Is manual acupuncture effective in relieving symptoms among patients with chronic prostatitis/ chronic pelvic pain syndrome?
Date of publication of randomized controlled trial: September 2015
Design
Randomized controlled trial (RCT).
Participants
100 male patients (age range: 22 to 49 years) with chronic prostatitis (CP)/ chronic pelvic pain syndrome (CPPS) diagnosed according to National Institutes of Health (NIH) category IIIB. They had a history of disease refractory to drug treatment including antibiotics, alpha-blockers and anti-inflammatory agents, and felt pain or discomfort in the pelvic region for at least 3 of the past 6 months.
Intervention
Weekly manual acupuncture treatment for 6 weeks was performed. Needles insertion points were BL-33, BL-34, BL-54, CV-1, CV-4, SP-6 and SP-9. Duration of treatment lasted for 20 minutes.
Comparator
Comparison: Manual acupuncture versus sham acupuncture.
Major Outcomes
Outcome 1: The proportion of 'responders' with response which was defined as a 50% reduction in NIH Chronic Prostatitis Symptom Index (NIH-CPSI) total score, from baseline to week 8;
Outcome 2: Change in NIH-CPSI total scores from baseline to week 6;
Outcome 3: Change in NIH-CPSI total scores from baseline to week 24.
Settings
The trial was conducted in outpatient settings.
Comparison    Manual acupuncture versus sham acupuncture
Main Results
Among CP/CPPS patients in manual acupuncture group, 92% were NIH-CPSI responders as compared to 48% of sham participants. The NIH-CPSI total scores decreased from 27.00±3.50 to 10.84±1.92 at week 6 in manual acupuncture group and from 26.50±3.70 to 16.22±6.64 in sham acupuncture group. However, the decrease at week 24 in manual acupuncture group was from 27.00±3.50 to 13.6±3.37, which was more prominent than sham acupuncture group.
Comparison: Manual acupuncture versus sham acupuncture for patients with CP/ CPPS
Outcomes No. of studies (Total number of participants) Mean (SD) / No. of participants Heterogeneity test (I2) MD (95% CI) p value Overall quality of evidence*
Intervention Comparator
1 1(100) 92%/50 48%/ 50 Not applicable as there is only 1 trial Not reported <0.001 Low
Outcomes No. of studies (Total number of participants) Proportion of 'responders'/ No. of participants Heterogeneity test (I2) MD (95% CI) p value Overall quality of evidence*
Intervention Comparator
2 1(100) Week 6: 10.84(1.92)/50 Week 6: 16.22(6.64) /50 Not applicable as there is only 1 trial Not reported <0.001 Low
3 1(100) Week 24: 13.6(3.37)/50 Week 24: 20.96(8.22)/50 Not applicable as there is only 1 trial Not reported <0.001 Low
Keys: SD= standard deviation; MD: mean difference; CI: confidence intervals.
Comparison    Manual acupuncture versus sham acupuncture
Main Results
Among CP/CPPS patients in manual acupuncture group, 92% were NIH-CPSI responders as compared to 48% of sham participants. The NIH-CPSI total scores decreased from 27.00±3.50 to 10.84±1.92 at week 6 in manual acupuncture group and from 26.50±3.70 to 16.22±6.64 in sham acupuncture group. However, the decrease at week 24 in manual acupuncture group was from 27.00±3.50 to 13.6±3.37, which was more prominent than sham acupuncture group.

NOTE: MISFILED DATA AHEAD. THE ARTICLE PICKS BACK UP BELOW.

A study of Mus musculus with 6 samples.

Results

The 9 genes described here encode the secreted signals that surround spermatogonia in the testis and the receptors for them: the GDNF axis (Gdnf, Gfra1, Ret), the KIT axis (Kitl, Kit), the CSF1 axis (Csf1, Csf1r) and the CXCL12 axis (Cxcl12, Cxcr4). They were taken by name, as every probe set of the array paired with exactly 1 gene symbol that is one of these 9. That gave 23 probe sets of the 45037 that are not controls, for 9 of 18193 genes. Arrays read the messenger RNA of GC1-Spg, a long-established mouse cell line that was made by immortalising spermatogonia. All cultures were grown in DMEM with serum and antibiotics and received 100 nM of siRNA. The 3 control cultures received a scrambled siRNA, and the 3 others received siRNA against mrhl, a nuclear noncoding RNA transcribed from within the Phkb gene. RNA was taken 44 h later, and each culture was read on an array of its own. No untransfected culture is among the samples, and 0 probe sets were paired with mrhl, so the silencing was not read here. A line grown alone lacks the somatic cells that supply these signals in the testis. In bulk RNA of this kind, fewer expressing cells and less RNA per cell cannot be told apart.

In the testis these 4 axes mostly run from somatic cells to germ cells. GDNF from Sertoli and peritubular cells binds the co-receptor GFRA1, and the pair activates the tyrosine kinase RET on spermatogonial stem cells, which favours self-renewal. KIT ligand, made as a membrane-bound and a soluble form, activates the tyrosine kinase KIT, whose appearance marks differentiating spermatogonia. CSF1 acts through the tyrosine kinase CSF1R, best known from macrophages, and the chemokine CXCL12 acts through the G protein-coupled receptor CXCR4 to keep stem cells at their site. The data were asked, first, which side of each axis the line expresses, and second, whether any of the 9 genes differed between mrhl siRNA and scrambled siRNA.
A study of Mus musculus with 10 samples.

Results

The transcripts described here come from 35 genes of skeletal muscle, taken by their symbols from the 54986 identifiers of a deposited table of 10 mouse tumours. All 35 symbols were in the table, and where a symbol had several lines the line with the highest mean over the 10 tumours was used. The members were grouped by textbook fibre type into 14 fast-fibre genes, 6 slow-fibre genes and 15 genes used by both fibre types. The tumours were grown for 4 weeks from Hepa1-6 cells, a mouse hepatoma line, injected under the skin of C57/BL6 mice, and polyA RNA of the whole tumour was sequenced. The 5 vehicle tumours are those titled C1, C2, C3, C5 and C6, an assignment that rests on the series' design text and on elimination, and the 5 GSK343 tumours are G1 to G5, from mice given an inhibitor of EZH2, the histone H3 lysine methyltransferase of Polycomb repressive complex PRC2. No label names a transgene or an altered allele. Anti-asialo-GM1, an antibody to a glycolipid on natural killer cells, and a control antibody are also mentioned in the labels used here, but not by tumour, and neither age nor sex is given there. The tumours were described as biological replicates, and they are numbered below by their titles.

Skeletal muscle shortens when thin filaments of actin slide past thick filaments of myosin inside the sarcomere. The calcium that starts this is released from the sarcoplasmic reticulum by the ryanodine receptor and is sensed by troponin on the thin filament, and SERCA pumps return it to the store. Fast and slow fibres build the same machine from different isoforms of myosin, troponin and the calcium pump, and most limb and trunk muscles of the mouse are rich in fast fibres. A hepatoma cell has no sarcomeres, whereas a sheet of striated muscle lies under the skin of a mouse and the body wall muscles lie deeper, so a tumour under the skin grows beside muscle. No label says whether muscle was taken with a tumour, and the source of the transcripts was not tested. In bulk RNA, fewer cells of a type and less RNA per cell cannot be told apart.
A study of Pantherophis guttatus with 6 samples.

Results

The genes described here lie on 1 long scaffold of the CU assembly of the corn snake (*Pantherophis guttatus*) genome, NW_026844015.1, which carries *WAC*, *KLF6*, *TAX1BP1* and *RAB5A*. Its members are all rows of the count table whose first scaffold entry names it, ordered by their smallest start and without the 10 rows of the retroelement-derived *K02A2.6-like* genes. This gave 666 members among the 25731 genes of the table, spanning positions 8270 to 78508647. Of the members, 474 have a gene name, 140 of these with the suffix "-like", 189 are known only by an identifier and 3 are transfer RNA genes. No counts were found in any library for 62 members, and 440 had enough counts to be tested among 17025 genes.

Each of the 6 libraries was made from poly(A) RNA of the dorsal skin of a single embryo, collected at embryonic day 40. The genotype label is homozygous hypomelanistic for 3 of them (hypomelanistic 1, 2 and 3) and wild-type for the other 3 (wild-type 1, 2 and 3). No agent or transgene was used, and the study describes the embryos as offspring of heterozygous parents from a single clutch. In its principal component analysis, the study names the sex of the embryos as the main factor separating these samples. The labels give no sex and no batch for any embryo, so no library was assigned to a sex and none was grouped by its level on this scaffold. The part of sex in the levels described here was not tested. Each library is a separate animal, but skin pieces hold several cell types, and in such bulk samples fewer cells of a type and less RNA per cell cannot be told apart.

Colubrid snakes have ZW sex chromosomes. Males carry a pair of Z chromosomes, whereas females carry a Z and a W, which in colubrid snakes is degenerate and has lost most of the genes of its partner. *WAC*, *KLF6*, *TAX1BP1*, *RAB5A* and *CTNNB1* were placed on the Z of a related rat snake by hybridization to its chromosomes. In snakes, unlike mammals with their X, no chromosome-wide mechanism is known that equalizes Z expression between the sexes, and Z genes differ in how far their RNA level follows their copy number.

Comparison: Manual acupuncture versus sham acupuncture for patients with CP/ CPPS
Outcomes 1
No. of studies (Total number of participants) 1(100)
Mean (SD) / No. of participants Intervention 92%/50
Comparator 48%/ 50
MD (95% CI) Not reported
p value <0.001
Overall quality of evidence* Low
Outcomes 2 3
No. of studies (Total number of participants) 1(100) 1(100)
Proportion of 'responders'/ No. of participants Intervention Week 6: 10.84(1.92)/50 Week 24: 13.6(3.37)/50
Comparator Week 6: 16.22(6.64) /50 Week 24: 20.96(8.22)/50
MD (95% CI) Not reported Not reported
p value <0.001 <0.001
Overall quality of evidence* Low Low
Keys: SD= standard deviation; MD: mean difference; CI: confidence intervals.
Conclusion
Benefits
This study demonstrated that among male patients with CP or CPPS, manual acupuncture group showed a 92% positive response in reducing NIH-CPSI total scores by 50%, while sham acupuncture group only reduced a 48% positive response. There were decreases in NIH-CPSI total scores in both groups. However, the reduction in manual acupuncture group was more prominent than that from sham acupuncture group. For all outcomes, the overall quality of evidence is low. Further research is likely to have an important impact on our confidence in this estimate of effect.
Harms
No adverse events related to manual acupuncture or sham acupuncture was reported in any participants throughout the study.
Link to Original Article
https://www.ncbi.nlm.nih.gov/pubmed/25939517
The synopsis is based on the following article:
Sahin S, Bicer M, Eren GA, Tas S, Tugcu V, Tasci AI, et al. Acupuncture relieves symptoms in chronic prostatitis/chronic pelvic pain syndrome: a randomized, sham-controlled trial. Prostate Cancer and Prostatic Diseases. 2015 Sep;18(3):249-54.


* Interpretation of quality assessment results:
• Very low: Further research is most likely to have an important impact on our confidence in this estimate of effect.
• Low: Further research is likely to have an important impact on our confidence in this estimate of effect.
• Moderate: Further research is fairly likely to have an important impact on our confidence in this estimate of effect.
• High: Further research is unlikely to have an important impact on our confidence in this estimate of effect.
• Very high: Further research is most unlikely to have an important impact on our confidence in this estimate of effect.

Details of assessment method can be found at Chung VC, Wu XY, Ziea ET, Ng BF, Wong SY, Wu JC. Assessing internal validity of clinical evidence on effectiveness of CHinese and integrative medicine: Proposed framework for a CHinese and Integrative Medicine Evidence RAting System (CHIMERAS). European Journal of Integrative Medicine. 2015 Aug 31;7(4):332-41.